Scientific classification e
Kingdom: Animalia
Clade: Erniettomorpha
Genus: Swartpuntia

Swartpuntia is a monospecific genus of erniettomorph[1] from the terminal Ediacaran period, with at least three quilted, leaf-shaped petaloids — probably five or six. The petaloids comprise vertical sheets of tubes filled with sand. Swartpuntia specimens range in length from 12 to 19 cm, and in width from 11.5 to 140 cm. The margin is serrated, with a 1 mm wide groove. A 14 mm wide stem extends down the middle, tapering towards the top, and stopping 25 mm from the tip. The stem has a V shaped ornamentation on it. The original fossils were found at, and named after, the Swartpunt farm between Aus and Rosh Pinah in Namibia. The generic name comes from Swartpunt, meaning black point in reference to the colour of the rocks. The specific name germsi honours Gerard Germs, who studied the Nama formation of geological beds.

They are preserved in sandstone beds in the Spitzkopf Member from the Nama formation, which lie above an ash bed dated at 543±1 million years old, and occur until the very end of the Ediacaran beds in this locality (Narbonne et al. 1997): the start of the Cambrian period is dated 542 million years ago. Whilst Swartpuntia has since been found in south-western North America and the Carolina Terrane of North Carolina,[2] it does not appear to have had a global distribution — indeed, its seemingly limited range has been used to provide palæogeographical reconstruction (Hagadorn & Waggonner 2000).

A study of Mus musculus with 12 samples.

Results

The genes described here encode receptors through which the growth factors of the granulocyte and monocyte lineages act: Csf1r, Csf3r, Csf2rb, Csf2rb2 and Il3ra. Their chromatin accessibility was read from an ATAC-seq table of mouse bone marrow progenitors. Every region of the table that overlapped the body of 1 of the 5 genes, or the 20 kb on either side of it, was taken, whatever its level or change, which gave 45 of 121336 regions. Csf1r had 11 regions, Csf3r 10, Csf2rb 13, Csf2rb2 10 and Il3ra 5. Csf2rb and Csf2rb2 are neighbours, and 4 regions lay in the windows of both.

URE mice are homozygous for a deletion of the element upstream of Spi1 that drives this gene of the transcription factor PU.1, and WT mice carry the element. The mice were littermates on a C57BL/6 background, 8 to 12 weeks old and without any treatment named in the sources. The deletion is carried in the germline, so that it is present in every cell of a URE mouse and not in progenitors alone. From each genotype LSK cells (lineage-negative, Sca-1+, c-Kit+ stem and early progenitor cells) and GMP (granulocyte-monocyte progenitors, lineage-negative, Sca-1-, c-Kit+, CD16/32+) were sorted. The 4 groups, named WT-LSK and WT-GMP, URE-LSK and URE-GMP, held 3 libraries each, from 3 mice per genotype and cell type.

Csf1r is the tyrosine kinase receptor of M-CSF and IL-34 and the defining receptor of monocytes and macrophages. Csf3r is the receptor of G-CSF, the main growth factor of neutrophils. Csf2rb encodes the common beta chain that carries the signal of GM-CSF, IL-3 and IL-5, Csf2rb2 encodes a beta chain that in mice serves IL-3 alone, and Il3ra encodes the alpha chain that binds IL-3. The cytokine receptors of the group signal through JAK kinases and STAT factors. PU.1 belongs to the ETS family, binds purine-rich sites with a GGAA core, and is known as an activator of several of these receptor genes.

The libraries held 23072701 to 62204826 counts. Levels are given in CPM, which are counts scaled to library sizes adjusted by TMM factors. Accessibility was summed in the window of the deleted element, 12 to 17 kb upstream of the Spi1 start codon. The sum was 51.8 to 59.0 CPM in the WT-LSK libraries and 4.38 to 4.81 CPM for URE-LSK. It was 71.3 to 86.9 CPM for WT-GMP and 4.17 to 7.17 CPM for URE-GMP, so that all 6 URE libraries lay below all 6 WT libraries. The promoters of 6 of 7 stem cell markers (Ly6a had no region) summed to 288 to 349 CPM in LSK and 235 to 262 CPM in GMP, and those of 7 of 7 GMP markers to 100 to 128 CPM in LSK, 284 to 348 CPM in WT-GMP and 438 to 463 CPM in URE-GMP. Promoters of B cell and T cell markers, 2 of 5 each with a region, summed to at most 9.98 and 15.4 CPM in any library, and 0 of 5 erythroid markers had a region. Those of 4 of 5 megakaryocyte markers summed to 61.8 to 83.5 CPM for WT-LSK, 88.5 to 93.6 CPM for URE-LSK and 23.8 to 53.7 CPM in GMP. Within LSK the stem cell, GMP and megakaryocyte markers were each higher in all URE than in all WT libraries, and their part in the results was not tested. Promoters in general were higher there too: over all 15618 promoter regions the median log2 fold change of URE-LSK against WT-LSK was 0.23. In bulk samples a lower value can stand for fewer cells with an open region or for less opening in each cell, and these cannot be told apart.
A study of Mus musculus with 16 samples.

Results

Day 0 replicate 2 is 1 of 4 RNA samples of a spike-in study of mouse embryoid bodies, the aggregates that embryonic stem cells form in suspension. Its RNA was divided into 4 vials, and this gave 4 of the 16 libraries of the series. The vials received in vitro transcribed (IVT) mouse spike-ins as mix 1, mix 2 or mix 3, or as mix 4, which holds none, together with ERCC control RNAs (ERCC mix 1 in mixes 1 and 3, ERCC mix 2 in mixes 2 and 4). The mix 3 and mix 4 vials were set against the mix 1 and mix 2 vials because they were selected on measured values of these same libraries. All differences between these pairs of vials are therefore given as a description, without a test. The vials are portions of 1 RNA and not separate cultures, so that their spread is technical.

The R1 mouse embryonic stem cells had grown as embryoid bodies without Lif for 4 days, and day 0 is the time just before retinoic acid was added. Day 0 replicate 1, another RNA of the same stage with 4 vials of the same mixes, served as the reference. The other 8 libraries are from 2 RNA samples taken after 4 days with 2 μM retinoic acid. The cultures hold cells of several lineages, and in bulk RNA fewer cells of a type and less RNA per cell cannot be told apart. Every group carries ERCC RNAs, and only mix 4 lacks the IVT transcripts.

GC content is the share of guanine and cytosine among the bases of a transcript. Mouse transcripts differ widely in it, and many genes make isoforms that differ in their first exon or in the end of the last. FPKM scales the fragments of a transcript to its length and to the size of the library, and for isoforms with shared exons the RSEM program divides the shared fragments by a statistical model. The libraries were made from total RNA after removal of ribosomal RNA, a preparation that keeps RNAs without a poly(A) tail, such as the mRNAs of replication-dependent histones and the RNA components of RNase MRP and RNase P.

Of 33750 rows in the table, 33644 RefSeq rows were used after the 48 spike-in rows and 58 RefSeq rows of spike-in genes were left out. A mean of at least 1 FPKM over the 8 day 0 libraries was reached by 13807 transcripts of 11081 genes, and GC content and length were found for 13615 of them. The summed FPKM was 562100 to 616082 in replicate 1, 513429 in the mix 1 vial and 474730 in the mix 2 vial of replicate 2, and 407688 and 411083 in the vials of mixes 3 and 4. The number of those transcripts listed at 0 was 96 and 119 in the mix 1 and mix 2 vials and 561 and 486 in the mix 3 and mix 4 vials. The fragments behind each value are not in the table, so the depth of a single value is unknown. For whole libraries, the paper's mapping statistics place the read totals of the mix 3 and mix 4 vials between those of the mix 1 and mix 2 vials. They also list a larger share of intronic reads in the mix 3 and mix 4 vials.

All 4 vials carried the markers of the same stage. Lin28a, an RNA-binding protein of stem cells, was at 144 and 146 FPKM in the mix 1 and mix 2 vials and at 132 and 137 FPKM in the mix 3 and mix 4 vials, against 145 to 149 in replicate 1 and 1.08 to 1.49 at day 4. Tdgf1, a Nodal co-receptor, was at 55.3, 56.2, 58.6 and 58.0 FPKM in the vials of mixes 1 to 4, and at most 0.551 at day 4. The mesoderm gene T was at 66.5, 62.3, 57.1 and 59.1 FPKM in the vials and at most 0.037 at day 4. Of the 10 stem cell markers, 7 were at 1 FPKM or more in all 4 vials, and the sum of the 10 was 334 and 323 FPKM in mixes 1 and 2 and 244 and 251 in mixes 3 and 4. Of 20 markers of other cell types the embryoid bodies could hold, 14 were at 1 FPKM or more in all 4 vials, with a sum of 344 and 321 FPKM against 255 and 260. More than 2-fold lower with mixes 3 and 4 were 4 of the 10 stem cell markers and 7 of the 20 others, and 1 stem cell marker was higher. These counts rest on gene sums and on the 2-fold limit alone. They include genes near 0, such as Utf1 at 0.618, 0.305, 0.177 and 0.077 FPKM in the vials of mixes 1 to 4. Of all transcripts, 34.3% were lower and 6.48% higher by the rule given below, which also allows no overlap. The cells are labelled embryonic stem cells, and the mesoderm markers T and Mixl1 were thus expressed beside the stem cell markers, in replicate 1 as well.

The shape of Swartpuntia resembles other Ediacaran fronds Pteridinium and Charniodiscus, both fronds with alternating segments; the segments' microstructure resembles that of Dickinsonia. This combination of features suggests close relationships between the Ediacaran biota, and lends credence to their membership of a separate phylum (Seilacher's Vendobionta). Mark McMenamin has inferred a photosymbiotic lifestyle for Swartpuntia, and this seems likely considering its shallow water habitat, tree-like shape and lack of apparent heterotrophic feeding structures.[3]

See also[edit]


  1. ^ Xiao, S.; Laflamme, M. (January 2009). "On the eve of animal radiation: phylogeny, ecology and evolution of the Ediacara biota". Trends in Ecology and Evolution. 24 (1): 31–40. doi:10.1016/j.tree.2008.07.015. PMID 18952316.
  2. ^ Weaver, P. G.; McMenamin, M. A. S.; Tacker, R. C. (2006). "Paleoenvironmental and paleobiological implications of a new Ediacaran body fossil from the Neoproterozoic Carolina Terrane, Stanly County, North Carolina". Precambrian Research. 150 (3–4): 123–135. doi:10.1016/j.precamres.2006.07.002.
  3. ^ McMenamin, M. A. S. (1998). The Garden of Ediacara: Discovering the First Complex Life. New York: Columbia University Press.